Many issues can cause your dog to limp, some more concerning than others, and determining the reason can be difficult. Our Alpine Animal Hospital team is the regional leader in orthopedic surgeries, and we see many limping dogs in our practice. We want to provide helpful information about common causes of limping in dogs and how we address these conditions.

What should I do if my dog is limping?

If your dog is limping, ask yourself the following questions:

  • How bad is your dog’s limp? — If your dog has a mild limp, you can monitor them for a few days to see if they improve, but if they refuse to bear weight on the limb, or are in extreme pain, they should be seen by a veterinary professional as soon as possible. 
  • How long has your dog been limping? — Many owners notice their dog limping and assume they will improve with rest, which may be true in some cases. You should see our veterinary team if the limp hasn’t resolved in a week.
  • Does your dog have other signs? — If your dog is limping and displaying other signs, such as vocalizing, trembling, bleeding, obvious fracture or dislocation, limb dragging, swelling, lethargy, high fever, vomiting, or trouble breathing, they should be seen as soon as possible by a veterinarian.

How do I know which limb is causing my dog’s limp?

If your dog has a mild limp, you may have difficulty determining which limb is affected. Tips to assess their lameness include:

  • Front limb lameness — With a front limb lameness, your dog will raise their head when the painful limb touches the ground, and lower their head when the good leg bears weight.
  • Hind limb lameness — With a hind limb lameness, your dog will lean forward to take the weight off their back end, and their tail or affected hip will rise when the painful limb touches the ground.

What are common causes of dog limping?

Many conditions can cause your dog to limp. Common causes include:

  • Torn nails — A torn nail in a dog can be extremely painful, and the exposed quick can bleed, further complicating matters. If your dog is affected:
    • Safely restrain your dog and examine their paw. You may need someone to help if your dog doesn’t want to cooperate.
    • Wrap your dog’s foot in gauze or a towel, applying pressure to the affected area.
    • Seek veterinary care to remove the damaged nail. Keep their paw bandaged to prevent contamination and prevent further bleeding. Your dog may also need pain medication.

  • Arthritis — Arthritis is common in dogs, especially older dogs, and can cause significant joint pain and mobility issues. In addition to limping, signs include decreased activity, difficulty navigating stairs, walking stiffly after resting, and uncharacteristic irritability. If your dog is affected, potential treatments include:
    • Prescription medications may be necessary to decrease inflammation and alleviate pain.
    • Home modifications, such as providing ramps and thick bedding, ensuring your floors are slip proof, and raising food and water bowls, can greatly improve your arthritic dog’s quality of life.
    • Physical rehabilitation exercises can help improve mobility and reduce pain.
    • Joint supplements, such as chondroitin sulfate, glucosamine, and omega-3 fatty acids, may be prescribed.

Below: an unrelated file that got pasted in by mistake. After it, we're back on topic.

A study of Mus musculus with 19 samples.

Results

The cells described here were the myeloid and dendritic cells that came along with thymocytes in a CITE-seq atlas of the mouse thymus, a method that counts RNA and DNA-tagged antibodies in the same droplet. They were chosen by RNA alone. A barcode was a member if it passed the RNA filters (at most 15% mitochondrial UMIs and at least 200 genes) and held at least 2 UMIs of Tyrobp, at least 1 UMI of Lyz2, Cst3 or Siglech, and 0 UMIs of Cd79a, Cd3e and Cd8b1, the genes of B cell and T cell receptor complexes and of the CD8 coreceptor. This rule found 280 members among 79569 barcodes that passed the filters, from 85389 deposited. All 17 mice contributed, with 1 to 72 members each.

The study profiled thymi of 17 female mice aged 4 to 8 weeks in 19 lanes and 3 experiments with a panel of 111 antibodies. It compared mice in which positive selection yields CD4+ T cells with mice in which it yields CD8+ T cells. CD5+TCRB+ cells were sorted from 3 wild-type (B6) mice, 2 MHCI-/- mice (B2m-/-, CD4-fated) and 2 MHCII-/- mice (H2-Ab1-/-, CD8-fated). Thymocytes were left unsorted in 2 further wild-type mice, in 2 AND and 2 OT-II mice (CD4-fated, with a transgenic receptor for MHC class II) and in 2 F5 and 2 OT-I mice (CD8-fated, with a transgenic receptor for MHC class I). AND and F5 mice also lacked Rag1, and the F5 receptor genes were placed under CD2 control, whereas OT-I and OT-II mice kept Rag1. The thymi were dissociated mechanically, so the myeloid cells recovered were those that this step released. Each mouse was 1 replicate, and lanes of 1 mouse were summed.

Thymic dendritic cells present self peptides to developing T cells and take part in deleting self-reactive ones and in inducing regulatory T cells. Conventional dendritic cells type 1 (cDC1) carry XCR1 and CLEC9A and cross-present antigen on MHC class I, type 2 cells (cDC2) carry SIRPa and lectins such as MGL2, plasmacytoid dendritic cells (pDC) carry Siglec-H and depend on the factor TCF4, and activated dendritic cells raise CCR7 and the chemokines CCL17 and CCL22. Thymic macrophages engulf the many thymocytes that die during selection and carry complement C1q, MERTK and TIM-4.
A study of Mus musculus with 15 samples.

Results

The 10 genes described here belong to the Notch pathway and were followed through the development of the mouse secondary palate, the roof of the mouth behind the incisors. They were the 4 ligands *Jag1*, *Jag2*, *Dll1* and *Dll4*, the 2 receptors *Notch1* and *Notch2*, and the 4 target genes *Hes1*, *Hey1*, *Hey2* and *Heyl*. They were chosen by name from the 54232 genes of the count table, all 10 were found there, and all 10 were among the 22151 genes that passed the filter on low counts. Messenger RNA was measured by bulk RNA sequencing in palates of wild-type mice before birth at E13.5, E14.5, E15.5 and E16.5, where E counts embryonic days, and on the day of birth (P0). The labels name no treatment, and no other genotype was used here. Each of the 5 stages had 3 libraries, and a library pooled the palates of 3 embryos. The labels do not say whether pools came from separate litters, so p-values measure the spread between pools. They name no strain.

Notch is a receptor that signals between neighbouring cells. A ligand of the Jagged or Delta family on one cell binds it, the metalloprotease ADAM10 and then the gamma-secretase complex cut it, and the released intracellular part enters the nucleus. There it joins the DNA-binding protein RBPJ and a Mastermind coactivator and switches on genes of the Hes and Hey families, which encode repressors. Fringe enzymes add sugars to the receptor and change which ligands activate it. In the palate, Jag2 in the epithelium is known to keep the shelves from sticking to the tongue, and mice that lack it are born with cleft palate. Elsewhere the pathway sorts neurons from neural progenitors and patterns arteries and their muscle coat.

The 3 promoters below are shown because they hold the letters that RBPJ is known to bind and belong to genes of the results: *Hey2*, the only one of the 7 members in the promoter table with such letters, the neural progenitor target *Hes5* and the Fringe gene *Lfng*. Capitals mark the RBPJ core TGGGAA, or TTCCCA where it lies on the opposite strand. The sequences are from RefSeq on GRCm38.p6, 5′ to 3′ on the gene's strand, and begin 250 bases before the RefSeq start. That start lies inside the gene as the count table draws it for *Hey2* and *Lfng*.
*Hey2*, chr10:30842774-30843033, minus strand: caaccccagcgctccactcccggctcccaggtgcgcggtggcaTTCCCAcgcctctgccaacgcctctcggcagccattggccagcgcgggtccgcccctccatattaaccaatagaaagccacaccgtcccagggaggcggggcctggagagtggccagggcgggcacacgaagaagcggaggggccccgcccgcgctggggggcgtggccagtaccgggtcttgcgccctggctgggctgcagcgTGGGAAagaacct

• Surgery may be needed to remove damaged tissue and stabilize the joint.
  • Tick-borne disease — Tick-borne diseases, such as Lyme disease, Rocky Mountain spotted fever, and anaplasmosis, can cause your dog to limp. If your dog is affected:
    • If we suspect your dog has a tick-borne illness, we will pull blood to test for the disease, and perform a complete blood count and biochemistry profile to assess their overall health.
    • If your dog has a tick-borne illness, we will place them on appropriate antibiotics for several weeks to clear the infection.
  • Bone fractures — Hairline and complete bone fractures can cause your dog to limp. A displaced or open fracture is considered a veterinary emergency, and your dog should be evaluated by a veterinarian as soon as possible. If your dog is affected:
    • For hairline or partial fractures, we will cast the affected limb.
    • For complete fractures, our team uses stabilization techniques, including bone plating, internal fixation, and external fixation, depending on your dog’s condition. 

  • Cranial cruciate ligament (CCL) rupture — CCL rupture is the most common cause of hindlimb lameness in dogs. Labrador retrievers, German shepherds, rottweilers, and golden retrievers are at increased risk. If your dog is affected:
    • For inactive dogs weighing less than 30 pounds, we likely will recommend conservative treatment that involves strict confinement for several weeks.
    • For active larger dogs and small dogs, we will perform surgery to stabilize the joint and help prevent severe arthritis. Procedures include extracapsular suture stabilization and tibial plateau leveling osteotomy (TPLO).

  • Patellar luxation — Patellar luxation is a common condition that occurs when the dog’s kneecap dislocates from the normal position. Small-breed dogs, such as Maltese, Pekingese, and Shih tzu, are at increased risk. Large-breed dogs, including Great Pyrenees, Great Dane, and Saint Bernards, are also at increased risk. If your dog is affected:
    • For mild cases, we will provide medical treatment, involving anti-inflammatory medications, weight loss, and exercise restriction.
    • For more extreme cases, we will perform surgery to keep the kneecap in place.

Many conditions can cause your dog to limp, and discovering the cause is necessary to provide the appropriate treatment. If your dog is limping, contact our Alpine Animal Hospital team, so we can diagnose the reason for their limp and devise an appropriate treatment strategy.